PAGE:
Print Article Contributed by FSM Staff

WASHINGTON, D.C. -- National Institute for Occupational Safety and Health researcher John Sammarco, Ph.D., is announced a finalist for a Service to America Medal, or Sammie, in honor of his decades of public service to improve the health and safety of mine workers.

He has a 30-year government research career and is nominated in the Career Achievement category.

On May 8, all finalists were honored in Washington, D.C. as part of Public Service Recognition Week.

Sammarco is a principal research engineer at the NIOSH Mining Program, a research program within CDC dedicated to improving the health and safety of mine workers. An electrical engineer by training, Sammarco has focused his work on improving lighting conditions in underground mines, something that is consistently a challenge for subterranean workspaces and the workers who operate in them.

“Proper lighting is about more than just seeing things better,” Sammarco says. “It’s about the health effects that come with lighting, reducing fatigue, helping workers on shift work. One thing snowballs into another and I’m excited to tackle bigger and bigger problems.”

Poor lighting can lead to slip, trip and fall injuries because workers cannot see the hazards around them. It can also be a factor in injuries or fatalities caused by workers struck or pinned by moving equipment they don’t see or by machines operated by coworkers who can’t see fellow miners around them. According to data from 2008-2012, slips, trips and falls are the second leading accident class of nonfatal injuries at underground mines. During that same time period, 27 people died from being struck, pinned or otherwise entangled in equipment.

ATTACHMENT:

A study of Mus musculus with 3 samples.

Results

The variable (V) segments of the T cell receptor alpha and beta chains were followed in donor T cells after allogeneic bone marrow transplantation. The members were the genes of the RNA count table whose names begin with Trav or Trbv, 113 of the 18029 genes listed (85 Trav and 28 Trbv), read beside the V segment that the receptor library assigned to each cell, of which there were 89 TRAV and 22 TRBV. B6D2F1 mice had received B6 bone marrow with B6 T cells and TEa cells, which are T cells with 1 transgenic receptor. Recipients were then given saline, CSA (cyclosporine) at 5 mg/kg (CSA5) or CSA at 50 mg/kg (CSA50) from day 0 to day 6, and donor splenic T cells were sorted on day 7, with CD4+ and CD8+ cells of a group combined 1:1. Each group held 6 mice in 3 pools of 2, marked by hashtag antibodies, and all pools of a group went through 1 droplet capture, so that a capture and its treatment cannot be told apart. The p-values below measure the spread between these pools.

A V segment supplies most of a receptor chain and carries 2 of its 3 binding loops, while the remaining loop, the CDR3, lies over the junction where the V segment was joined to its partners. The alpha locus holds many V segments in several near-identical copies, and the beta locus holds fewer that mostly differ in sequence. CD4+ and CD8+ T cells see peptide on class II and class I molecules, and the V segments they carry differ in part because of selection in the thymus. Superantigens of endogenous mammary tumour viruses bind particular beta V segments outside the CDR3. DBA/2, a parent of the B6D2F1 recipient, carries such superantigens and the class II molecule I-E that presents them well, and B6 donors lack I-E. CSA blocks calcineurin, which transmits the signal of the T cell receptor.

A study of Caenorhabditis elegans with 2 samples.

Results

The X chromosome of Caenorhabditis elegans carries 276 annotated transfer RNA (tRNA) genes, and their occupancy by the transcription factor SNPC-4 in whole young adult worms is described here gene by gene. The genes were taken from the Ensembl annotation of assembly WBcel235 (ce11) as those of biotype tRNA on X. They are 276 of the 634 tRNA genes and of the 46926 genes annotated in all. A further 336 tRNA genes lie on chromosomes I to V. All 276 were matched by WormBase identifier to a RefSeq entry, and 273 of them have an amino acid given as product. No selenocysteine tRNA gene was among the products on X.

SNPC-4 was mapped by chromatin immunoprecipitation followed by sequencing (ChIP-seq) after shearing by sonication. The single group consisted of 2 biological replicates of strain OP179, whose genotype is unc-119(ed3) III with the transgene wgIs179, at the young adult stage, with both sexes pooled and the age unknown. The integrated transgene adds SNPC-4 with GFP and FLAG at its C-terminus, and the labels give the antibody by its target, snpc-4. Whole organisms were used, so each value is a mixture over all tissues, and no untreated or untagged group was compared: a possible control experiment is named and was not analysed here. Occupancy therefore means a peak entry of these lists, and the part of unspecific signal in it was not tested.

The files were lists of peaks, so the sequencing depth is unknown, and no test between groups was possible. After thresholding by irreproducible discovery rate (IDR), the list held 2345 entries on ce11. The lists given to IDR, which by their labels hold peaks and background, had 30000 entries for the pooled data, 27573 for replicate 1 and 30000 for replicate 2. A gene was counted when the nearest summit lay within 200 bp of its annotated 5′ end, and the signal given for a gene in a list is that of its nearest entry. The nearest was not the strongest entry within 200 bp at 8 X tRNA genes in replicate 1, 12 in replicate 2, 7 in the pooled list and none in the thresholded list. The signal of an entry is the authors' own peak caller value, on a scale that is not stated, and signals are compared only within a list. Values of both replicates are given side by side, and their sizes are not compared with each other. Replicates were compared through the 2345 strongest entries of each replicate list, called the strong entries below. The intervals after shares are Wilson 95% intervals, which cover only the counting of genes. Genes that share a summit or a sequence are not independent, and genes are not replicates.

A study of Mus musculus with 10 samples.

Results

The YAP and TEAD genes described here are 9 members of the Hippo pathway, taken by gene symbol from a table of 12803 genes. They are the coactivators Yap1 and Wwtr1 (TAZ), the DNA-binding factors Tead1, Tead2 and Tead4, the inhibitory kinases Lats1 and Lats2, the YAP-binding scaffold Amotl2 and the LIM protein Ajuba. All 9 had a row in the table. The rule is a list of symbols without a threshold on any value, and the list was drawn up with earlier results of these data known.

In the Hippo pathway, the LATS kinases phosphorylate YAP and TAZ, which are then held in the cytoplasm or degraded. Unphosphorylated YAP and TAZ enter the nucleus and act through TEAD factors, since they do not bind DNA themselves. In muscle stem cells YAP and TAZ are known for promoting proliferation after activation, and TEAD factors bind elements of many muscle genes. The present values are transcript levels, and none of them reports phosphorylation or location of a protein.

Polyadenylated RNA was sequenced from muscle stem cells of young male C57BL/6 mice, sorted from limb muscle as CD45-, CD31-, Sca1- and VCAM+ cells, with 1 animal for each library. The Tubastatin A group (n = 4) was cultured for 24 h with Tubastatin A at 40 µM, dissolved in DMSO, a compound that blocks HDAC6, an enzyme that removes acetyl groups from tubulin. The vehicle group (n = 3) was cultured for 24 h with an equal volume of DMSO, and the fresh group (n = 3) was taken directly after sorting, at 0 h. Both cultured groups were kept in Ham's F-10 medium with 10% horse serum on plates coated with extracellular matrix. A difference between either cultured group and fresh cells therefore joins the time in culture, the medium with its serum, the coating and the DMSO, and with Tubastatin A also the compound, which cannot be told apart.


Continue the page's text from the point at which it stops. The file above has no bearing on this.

As part of a recent research project, Sammarco developed a much-improved light-emitting diode (LED) helmet cap lamp design that offers a more intense spot beam and overall broader light coverage than previous LED designs. Sammarco also used LEDs to develop a specific, machine-mounted area light that cuts glare, improves visibility and provides workers the light needed to see hazards, and he offered up those schematics freely to the equipment manufacturing industry and the public at large. Another area light will soon roll out for mining industry use, and Sammarco anticipates seeing more companies use his formative science to craft their own models.

In addition to the honor of this nomination, Sammarco has been awarded eight prestigious awards since 2011, including the 2016 Federal Engineer of the Year Agency Award from the National Society for Professional Engineers and the 2017 NIOSH Bullard-Sherwood Award for Research to Practice. Last year, Sammarco was named an ABET Fellow, an honor bestowed on select members of the worldwide, nonprofit, non-governmental professional organization who have shown extraordinary dedication to the accrediting body.

“John Sammarco is one of those government employees you dream of having on your team,” says Dana Willmer, Ph.D., his branch chief who nominated him for the honor. “He has such powerful vision to see where technology can step in—now or in a few years’ time—and make an enormous impact on worker health and safety. He’s generous with his time and talents, and mentors the rising generation of researchers. I can’t think of a more deserving individual.”

The Sammies are awarded annually by the Partnership for Public Service—a nonprofit organization dedicated to promoting and strengthening civil service—after a vigorous process that selects one winner in each of eight categories: Management Excellence, Science and Environment, National Security and International Affairs, Promising Innovations, Homeland Security and Law Enforcement, Career Achievement, People’s Choice Award and the Federal Employee of the Year.

Medal recipients will be announced October 2 during a gala at the Andrew W. Mellon Auditorium in Washington, D.C.